The “economic reforms” of the Castro dictatorship in Cuba are moving at a furious pace. Thanks to the magnanimity of dictator Raul Castro, leader of the repressive apartheid Castro regime, Cubans now can apply for a state license for Porta-Potties! You heard that right: Cubans are now free to rent out portable toilets at state-mandated rates. This latest announcement comes on the heels of another breakthrough and monumental economic reform announced by the Cuban dictatorship recently that it would begin issuing state licenses to entrepreneurs who engage in the business of Dumpster Diving.
At this rate of “reform,” Cuba will be a free-market democracy before you know it. Perhaps, even as soon as the end of the 21st century.
Cuba legalizes rent-a-toilets in its effort to expand private business
Pushing on with its effort to open its economy to market forces, the Cuban government Thursday legalized the business of renting out public bathrooms, providing fixed prices for five categories of facilities.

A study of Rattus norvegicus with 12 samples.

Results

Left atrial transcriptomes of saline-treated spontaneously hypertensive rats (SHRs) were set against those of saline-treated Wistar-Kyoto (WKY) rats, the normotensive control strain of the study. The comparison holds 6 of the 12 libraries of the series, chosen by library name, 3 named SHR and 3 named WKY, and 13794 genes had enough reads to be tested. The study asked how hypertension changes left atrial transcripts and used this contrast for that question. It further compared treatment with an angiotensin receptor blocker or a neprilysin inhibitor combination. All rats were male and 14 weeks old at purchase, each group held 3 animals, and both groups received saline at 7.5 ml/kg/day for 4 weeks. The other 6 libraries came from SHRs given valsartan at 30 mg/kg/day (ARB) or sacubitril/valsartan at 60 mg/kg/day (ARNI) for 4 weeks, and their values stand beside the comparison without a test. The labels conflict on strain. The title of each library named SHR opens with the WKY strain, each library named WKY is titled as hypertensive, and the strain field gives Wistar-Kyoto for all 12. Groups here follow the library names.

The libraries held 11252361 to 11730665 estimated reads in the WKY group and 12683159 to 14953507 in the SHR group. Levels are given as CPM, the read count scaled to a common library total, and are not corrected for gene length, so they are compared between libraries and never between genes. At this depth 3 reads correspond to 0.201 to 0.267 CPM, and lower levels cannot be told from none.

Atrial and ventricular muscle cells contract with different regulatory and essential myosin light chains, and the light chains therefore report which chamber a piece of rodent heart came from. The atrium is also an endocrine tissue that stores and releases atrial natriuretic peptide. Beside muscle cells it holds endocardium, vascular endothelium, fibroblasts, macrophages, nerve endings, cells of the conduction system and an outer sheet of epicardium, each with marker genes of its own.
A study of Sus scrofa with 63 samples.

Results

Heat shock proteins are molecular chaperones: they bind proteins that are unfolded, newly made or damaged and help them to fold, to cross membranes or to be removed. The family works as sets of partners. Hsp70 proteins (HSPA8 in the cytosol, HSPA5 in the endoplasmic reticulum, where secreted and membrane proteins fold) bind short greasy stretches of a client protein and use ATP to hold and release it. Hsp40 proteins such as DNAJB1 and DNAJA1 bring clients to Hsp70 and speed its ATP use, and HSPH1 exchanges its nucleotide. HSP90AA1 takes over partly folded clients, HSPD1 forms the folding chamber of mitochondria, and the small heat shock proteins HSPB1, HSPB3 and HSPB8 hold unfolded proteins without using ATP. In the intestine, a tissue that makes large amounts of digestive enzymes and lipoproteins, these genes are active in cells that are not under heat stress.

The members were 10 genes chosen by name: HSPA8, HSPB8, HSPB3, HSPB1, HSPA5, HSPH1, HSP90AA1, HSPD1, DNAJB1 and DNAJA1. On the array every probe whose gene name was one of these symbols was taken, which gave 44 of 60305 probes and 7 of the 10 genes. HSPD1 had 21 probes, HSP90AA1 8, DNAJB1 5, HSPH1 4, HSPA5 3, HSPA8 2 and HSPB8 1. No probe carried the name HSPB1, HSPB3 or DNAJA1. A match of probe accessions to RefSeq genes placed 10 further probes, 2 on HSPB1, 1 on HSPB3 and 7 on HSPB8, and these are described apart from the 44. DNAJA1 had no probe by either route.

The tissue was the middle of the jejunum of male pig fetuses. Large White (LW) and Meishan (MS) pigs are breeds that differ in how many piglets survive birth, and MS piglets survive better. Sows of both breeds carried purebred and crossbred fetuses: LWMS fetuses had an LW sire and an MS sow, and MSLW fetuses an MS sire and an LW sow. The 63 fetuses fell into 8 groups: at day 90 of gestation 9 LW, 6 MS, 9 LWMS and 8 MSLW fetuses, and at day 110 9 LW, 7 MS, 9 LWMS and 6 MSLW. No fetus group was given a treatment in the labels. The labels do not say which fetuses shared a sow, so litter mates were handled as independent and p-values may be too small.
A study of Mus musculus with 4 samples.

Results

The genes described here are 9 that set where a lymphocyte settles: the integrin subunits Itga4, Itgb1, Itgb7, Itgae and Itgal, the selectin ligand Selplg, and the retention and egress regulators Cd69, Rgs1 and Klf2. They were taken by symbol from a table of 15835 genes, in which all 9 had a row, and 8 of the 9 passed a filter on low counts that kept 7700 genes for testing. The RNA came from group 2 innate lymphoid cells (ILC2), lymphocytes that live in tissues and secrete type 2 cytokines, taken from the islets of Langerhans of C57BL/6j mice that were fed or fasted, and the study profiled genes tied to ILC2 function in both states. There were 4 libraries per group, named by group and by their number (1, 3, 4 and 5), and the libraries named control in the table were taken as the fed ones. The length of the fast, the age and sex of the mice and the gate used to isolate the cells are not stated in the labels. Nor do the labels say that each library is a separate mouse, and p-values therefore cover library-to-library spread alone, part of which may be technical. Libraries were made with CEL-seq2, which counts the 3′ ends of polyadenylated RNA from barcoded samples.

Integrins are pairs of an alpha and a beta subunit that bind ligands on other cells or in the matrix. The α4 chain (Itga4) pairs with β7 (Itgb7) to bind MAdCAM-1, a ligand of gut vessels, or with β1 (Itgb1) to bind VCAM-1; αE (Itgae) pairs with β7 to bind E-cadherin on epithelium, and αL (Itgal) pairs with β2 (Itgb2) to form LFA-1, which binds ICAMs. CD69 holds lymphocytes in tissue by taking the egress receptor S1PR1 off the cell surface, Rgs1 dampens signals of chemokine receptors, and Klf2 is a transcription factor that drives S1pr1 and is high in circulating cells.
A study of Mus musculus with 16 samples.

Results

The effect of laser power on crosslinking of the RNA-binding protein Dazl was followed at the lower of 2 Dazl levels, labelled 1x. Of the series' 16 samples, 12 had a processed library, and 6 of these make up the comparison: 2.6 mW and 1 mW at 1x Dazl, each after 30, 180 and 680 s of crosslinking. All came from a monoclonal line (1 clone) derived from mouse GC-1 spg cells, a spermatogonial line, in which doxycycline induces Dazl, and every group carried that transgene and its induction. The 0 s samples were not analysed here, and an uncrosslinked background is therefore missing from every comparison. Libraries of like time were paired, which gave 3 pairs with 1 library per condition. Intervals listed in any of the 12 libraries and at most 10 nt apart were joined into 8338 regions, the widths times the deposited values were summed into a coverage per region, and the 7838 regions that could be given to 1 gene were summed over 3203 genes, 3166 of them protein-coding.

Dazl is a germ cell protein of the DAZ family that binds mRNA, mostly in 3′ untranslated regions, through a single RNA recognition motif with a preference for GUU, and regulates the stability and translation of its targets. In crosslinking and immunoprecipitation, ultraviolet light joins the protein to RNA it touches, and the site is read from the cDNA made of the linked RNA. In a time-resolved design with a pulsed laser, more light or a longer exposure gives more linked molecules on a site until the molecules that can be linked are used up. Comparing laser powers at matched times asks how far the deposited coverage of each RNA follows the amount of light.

A pilot rent-a-toilet program, which was started in 2011 in Havana province, now has been expanded to the entire island.
It allows the rental of state-owned bathrooms to private persons who hold government licenses as “public bathroom attendants” — one of 182 categories of self employment permitted by the government.
Details of the change were contained in a seven-page resolution signed by Minister of the Economy and Planning Adel Yzquierdo Rodriguez and published in the latest edition of the Official Gazette.
Cuban President Raúl Castro has been pushing to make the island’s Soviet-styled economy more efficient, largely by allowing more private enterprise and cutting government spending and payrolls, since he officially succeeded brother Fidel in 2008.
The number of public bathrooms in Cuba is unknown. Most are presumed to be in cities and towns, and many are known to be in dire condition.
The price for using a toilet, urinal or washbasin will be one Cuban peso, or about four U.S. cents, according to the regulations. Prices for additional services such as “perfumes, talcum powders, cosmetics, soap, showers, among others, are set by supply and demand,” although the renters must notify the municipalities of the services they offer.
Renters must pay for the water and electricity used at residential rates and guarantee “quality, hygiene and good customer service,” the regulations added. Toilet facilities cannot be subleased or used for any other activity.
The complicated process require technicians from communal services departments of municipal governments, working with current bathroom attendants, to study the activity at each site in order to establish its potential revenue.